1. Local Anaesthesia

We want children to experience pain-free dentistry as much as possible.

When the tooth goes to sleep!

That’s why anaesthesia of primary teeth is important for co-operation in treatment. Our anaesthetics are fast-reacting: just 30 seconds after the anaesthetic injection, the treatment can usually begin. As a rule, children are advised not to eat for at least 1-2 hours after local anaesthesia.

Children are not familiar with the numb feeling and find it strange so sometimes they will try and bite their lips as hard as possible just because they do not feel it. This can be dangerous. But as long as the parents keep an eye on the children during this period making sure they do not hurt themselves, everything is fine.

Children sometimes do not understand the difference between pain and numbness. For first time anaesthesia, this feeling might feel strange and intimidating and will scare young children. They often describe it as “pain”. As a parent try and explain to your child that their sick tooth is sleeping now, just like their lips, and that when the numbness is gone, the sick tooth will be as good as new!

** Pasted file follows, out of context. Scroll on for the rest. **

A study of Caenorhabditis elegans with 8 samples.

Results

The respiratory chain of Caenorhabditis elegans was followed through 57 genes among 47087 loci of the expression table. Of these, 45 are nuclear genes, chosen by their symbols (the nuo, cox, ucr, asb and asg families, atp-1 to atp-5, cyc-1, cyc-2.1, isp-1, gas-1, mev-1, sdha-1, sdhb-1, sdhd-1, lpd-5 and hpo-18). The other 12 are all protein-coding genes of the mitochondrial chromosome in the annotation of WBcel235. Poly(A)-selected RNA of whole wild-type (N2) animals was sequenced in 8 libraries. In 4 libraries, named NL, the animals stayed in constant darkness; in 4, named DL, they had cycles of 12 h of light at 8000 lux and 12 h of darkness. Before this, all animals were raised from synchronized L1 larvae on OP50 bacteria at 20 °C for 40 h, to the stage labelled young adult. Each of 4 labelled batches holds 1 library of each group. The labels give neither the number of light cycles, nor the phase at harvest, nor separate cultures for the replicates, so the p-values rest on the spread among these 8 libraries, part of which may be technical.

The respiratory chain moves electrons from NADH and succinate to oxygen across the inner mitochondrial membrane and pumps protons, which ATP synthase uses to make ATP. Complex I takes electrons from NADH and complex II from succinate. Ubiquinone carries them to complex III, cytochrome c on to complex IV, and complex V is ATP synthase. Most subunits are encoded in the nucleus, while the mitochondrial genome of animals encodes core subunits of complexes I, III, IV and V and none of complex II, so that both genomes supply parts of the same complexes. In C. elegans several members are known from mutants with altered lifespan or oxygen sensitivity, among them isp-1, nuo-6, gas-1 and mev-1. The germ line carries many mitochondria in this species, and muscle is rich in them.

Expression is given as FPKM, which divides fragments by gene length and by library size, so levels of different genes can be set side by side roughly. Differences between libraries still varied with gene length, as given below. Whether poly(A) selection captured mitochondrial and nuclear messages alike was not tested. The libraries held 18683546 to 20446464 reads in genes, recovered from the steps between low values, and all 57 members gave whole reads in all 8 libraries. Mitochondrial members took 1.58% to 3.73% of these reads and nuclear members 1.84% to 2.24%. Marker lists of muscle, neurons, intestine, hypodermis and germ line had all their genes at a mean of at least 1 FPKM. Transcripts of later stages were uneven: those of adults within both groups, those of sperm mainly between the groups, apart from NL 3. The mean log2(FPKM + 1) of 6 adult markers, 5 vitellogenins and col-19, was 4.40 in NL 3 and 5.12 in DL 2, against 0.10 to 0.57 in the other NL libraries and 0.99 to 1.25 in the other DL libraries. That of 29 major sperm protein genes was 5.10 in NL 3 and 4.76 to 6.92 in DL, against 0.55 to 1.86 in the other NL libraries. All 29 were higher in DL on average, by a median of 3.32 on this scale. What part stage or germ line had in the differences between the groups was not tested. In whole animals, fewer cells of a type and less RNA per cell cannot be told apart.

Topical Anaesthesia – our “tooth jelly”

Through using a fruit-flavoured topical anaesthesia paste, the oral tissues around the infiltration are made senseless so that the patient does not feel anything upon entrance of the needle, not even the slightest prick.

Maxillary Local Anaesthesia (also known as “infiltration”) – our “sleepy juice”

To anaesthetise the maxilla, the gingiva in relation to the tooth to be treated should be infiltrated slowly according to dosage. The dosage is body-weight-dependent but only a limited number of teeth can be anaesthetised at a given time. Therefore in a given session only a number of teeth in an area can be treated.

Mandibular Local Anaesthesia (also known as “dental block”) – our “sleepy juice”

It is technically more challenging to deliver a dental block in a child. That is why we always start with the upper jaw so that the child gets used to dental treatment before the next big step. To prevent an anxious child from hurting himself or herself during the process of administering the dental block, we use a “mouth prop” (our tooth pillow). This keeps the child’s mouth wide open and also acts as a support for the child to rest his or her teeth on.